Facebook Watch’s current lineup of original sports shows has an obvious theme. From Tom vs. Time to Ball in the Family to First Take: Your Take to No Script with Marshawn Lynch, the common thread is prominent names. Facebook is not trying to make you care about a random high school team with a compelling story. It’s hoping to draw you in with people you already care about.
According to Digiday, that approach is part of a deliberate strategy to draw in viewers in preparation for a potential push into live event streaming.
As Facebook tries to get users to actually watch Facebook Watch shows, it’s looking at buying projects with big names attached to star or produce, according to multiple media execs that have sold shows to Facebook. In the sports world, that means working with more big-name athletes and giant media brands such as ESPN and WWE.
By having a deep bench of sports shows that people are watching, maybe they’ll be more likely to watch the actual games if and when Facebook airs them. (It also helps that shows such as “Ball in the Family” and “Tom vs. Time” are being recognized by people outside of digital-media circles.)
“Shoulder programming is an entry into the larger stuff,” said a Facebook Watch partner. “Facebook Watch needs some successes right now, and this is step one.”
Though Facebook has dived head-first into original sports programming, it has merely waded into the live streaming waters, with a portfolio including third-rate college football and basketball games, some soccer and a handful of stray MLB games. The social media company seems determined to grow its live sports operation, however, and was rumored to have interest in the NFL’s Thursday Night Football package (though it reportedly did not submit a bid). In November, Sports Business Journal reported that Facebook was seeking an executive whose primary responsibility would be negotiating live sports rights.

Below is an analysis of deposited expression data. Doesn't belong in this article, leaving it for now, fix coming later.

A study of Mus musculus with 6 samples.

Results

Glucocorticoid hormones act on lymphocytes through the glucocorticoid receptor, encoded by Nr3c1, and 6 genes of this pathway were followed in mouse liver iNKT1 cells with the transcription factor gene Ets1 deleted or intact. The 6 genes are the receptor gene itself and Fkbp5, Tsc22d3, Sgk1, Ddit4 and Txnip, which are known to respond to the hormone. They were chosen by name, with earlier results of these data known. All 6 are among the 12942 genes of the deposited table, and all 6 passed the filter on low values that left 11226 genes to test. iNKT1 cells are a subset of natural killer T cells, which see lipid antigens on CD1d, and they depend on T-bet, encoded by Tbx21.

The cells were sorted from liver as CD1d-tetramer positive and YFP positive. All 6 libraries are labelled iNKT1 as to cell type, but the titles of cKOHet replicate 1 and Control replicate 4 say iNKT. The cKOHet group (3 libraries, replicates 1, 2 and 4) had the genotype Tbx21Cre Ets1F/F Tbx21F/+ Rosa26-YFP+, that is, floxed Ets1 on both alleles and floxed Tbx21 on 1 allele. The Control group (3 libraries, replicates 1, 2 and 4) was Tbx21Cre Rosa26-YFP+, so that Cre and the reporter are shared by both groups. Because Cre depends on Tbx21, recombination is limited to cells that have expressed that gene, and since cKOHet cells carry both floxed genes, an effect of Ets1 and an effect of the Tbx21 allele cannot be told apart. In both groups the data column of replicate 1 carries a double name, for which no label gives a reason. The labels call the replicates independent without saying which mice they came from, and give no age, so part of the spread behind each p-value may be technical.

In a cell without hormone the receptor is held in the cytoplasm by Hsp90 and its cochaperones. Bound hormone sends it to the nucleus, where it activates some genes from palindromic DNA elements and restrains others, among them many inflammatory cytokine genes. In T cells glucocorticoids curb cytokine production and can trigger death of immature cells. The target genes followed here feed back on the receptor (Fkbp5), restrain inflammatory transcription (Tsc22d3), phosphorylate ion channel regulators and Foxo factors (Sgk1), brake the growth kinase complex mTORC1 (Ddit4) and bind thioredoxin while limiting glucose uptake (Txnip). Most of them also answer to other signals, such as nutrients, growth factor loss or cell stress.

In other words, the fact that Facebook has been less enthusiastic than Twitter and Amazon in pursuing NFL rights doesn’t necessarily mean the company won’t become a major player in the live sports field. It just means Facebook wants to build up a sports-friendly audience before sinking hundreds of millions into major rights deals.
So far, that audience seems to be showing up. Facebook Watch’s displayed view counts show that 19 of 20 Ball in the Family episodes have more than a million views, with three of those episodes eclipsing 10 million. No Script has pulled between 1 million and 4.5 million viewers for each of its eight installments. Tom vs. Time has drawn more than 20 million total views to its three episodes. Facebook has proven that fans are willing to watch sports shows on its platform. The next question is whether they’ll be willing to watch high-profile live events there as well.